Ten Guiding Principles for the Beginning of the Year
Begin to implement your discipline strategies and create a positive class climate that first day of class. This is the time to talk about and model a discipline system based on mutual respect, responsibility, and dignity. At no time will the students be better behaved than on the first day of class. Capitalize on their first-day formality. Collaboratively establish rules and then show the students you are consistent and fair in enforcing rules. This might be a time to explain the classroom meeting and have your first go at it. Middle school students can brainstorm the rules in small groups. Hopefully they will include some of these, but they may need your subtle (or not so subtle) suggestions:
Be in your seat when the bell rings. Bring required materials, texts, and homework to class on time. Raise your hand to speak and listen to others. Respect each other's space, person, and property. Be responsible.
Don't let infractions slide that first day. The kids will be checking you out carefully. You can always lighten up as the year progresses, so start out a bit more firm than you plan to be by midyear. Pass all of their tests with flying colors by using your own good sense. This is also the day to send home the note to parents (in translation, if needed) that describes the class rules and procedures for enforcing them.
We all need to get our bearings in a new situation. And even though a change of scenery can be broadening, it is also very scary. On most vacation tours, no matter how tightly or loosely scheduled, a quick orientation tour of every new city encountered is the first order of business. Students are no different in that they need to quickly get their bearings in a new school or classroom. The easiest way to orient new students, second language learners, and returning students to their school is to take a walking tour that first morning, pointing out such places of interest as the restrooms, water fountains, principal's office, and nurse's office. You may need to point out school bus stops, places to line up after lunch, the cafeteria, assigned fire drill locations, and appropriate exits. Let the students know what the bells or other signaling devices mean. With older children you can construct a school map together or organize a treasure hunt to help old-timers orient new children to the school plant. In middle and high school, review a map of the school site.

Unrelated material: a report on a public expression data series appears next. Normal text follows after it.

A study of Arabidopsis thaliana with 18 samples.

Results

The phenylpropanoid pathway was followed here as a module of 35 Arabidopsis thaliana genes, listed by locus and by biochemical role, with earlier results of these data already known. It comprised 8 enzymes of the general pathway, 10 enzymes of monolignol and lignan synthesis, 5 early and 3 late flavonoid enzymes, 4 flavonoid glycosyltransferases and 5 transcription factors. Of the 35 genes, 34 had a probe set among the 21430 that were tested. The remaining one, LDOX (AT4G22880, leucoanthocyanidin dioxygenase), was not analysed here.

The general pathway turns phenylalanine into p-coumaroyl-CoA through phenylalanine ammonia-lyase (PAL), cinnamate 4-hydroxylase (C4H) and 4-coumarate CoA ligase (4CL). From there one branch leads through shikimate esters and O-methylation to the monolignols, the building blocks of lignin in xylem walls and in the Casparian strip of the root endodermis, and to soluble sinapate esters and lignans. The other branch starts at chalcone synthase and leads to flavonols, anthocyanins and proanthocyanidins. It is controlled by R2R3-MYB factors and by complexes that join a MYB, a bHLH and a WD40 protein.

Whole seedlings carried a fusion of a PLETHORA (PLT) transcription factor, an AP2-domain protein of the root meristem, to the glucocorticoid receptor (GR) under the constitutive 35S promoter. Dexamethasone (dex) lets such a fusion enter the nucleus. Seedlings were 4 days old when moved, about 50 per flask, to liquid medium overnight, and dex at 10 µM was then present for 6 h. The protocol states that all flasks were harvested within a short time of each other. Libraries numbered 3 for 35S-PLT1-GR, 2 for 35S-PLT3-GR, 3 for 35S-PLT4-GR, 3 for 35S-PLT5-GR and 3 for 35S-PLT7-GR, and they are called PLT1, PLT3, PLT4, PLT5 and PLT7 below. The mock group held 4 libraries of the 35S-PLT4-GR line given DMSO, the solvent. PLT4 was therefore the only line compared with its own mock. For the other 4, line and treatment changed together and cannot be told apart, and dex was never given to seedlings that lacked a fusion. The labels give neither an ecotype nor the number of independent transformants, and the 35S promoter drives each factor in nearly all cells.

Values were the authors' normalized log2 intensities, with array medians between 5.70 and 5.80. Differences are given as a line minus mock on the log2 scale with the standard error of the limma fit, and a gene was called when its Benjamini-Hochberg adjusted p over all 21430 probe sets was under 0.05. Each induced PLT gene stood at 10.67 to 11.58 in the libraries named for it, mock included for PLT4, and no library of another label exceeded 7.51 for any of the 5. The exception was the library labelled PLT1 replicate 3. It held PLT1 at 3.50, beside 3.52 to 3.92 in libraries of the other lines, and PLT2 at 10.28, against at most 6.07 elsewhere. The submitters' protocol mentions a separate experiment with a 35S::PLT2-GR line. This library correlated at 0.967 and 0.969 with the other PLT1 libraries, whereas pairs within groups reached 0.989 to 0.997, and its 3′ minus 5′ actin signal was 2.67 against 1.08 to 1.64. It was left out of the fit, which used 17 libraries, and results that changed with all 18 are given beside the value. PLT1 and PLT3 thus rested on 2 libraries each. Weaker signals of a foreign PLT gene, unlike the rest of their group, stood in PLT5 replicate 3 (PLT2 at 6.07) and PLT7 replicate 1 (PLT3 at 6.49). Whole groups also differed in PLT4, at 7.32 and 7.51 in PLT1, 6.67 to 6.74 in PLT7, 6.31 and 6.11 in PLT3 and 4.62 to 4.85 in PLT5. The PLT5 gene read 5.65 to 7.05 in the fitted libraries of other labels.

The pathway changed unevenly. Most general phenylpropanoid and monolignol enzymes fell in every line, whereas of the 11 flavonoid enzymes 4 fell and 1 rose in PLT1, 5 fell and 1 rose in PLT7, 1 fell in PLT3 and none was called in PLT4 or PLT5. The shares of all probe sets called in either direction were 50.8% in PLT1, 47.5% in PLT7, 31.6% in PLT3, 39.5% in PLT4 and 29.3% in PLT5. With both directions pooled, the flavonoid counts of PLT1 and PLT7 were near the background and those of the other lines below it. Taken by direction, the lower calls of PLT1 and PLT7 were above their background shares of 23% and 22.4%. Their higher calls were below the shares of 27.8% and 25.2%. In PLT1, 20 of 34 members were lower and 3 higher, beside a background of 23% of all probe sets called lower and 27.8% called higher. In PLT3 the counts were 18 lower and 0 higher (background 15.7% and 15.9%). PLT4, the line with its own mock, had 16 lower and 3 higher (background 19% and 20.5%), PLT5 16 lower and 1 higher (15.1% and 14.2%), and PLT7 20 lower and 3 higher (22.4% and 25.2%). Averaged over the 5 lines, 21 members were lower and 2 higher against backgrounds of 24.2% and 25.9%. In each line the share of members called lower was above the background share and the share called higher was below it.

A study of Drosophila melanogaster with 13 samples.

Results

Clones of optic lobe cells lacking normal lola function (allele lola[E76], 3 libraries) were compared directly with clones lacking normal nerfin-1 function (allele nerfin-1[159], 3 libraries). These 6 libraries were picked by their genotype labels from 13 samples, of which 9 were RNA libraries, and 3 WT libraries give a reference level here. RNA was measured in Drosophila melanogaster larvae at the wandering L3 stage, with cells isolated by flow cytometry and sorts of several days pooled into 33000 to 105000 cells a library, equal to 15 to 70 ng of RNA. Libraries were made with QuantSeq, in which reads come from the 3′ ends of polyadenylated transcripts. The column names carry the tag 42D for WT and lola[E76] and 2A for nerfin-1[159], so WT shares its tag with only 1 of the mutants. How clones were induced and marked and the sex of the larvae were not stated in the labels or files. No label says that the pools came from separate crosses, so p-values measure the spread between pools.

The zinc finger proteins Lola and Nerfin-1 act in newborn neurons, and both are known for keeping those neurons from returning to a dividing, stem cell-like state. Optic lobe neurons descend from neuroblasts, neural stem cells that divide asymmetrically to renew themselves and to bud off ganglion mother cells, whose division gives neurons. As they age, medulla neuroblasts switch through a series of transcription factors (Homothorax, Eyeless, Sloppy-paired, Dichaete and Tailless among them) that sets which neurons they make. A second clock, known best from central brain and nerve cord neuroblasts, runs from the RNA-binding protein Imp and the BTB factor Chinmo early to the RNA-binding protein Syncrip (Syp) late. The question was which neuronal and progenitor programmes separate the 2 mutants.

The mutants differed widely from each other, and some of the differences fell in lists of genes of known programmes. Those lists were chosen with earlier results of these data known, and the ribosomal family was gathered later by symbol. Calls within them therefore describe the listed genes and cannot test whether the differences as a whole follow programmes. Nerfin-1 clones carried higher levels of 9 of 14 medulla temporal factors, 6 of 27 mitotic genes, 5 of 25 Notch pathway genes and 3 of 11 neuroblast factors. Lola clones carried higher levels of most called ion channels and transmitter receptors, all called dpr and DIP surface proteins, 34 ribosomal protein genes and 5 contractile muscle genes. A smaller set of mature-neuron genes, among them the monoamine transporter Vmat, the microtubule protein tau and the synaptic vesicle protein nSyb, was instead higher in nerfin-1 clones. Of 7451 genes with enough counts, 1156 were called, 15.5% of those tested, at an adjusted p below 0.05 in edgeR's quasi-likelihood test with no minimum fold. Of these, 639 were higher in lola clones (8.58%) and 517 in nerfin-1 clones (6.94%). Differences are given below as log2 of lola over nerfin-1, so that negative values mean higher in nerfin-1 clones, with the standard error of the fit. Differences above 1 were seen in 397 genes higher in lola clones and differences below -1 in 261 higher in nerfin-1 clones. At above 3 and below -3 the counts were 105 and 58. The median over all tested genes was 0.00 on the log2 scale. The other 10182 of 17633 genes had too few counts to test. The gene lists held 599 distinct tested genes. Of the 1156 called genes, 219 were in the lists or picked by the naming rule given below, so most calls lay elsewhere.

In the classroom, schedule a walk around the room using just eyes that first day. Students can make a mental note of where storage containers are located, where games for free time are stored, and so forth.
Preview the Curriculum
On that very first day, let students in on some of the exciting things they will be learning this year. Preview some of the topics they will cover and introduce them to at least one of their textbooks that first day. Begin work early in the first week on a science or social studies unit and provide opportunity for student input by asking them what they already know about the topic and what they would like to find out. Motivation will be very high. Let kids know it's going to be an exciting year and that they will be learning many new things. Telling kindergarten or first grade children that they will learn to read this year, or third grade children that they will learn cursive writing, or sixth graders that they will have pen pals from a foreign country can send them home that first day brimming with high expectations and great anticipation for the coming year. Tell middle or high schoolers about a highlight of their year.
Excerpted from Your First Year of Teaching and Beyond, by Ellen Kronowitz.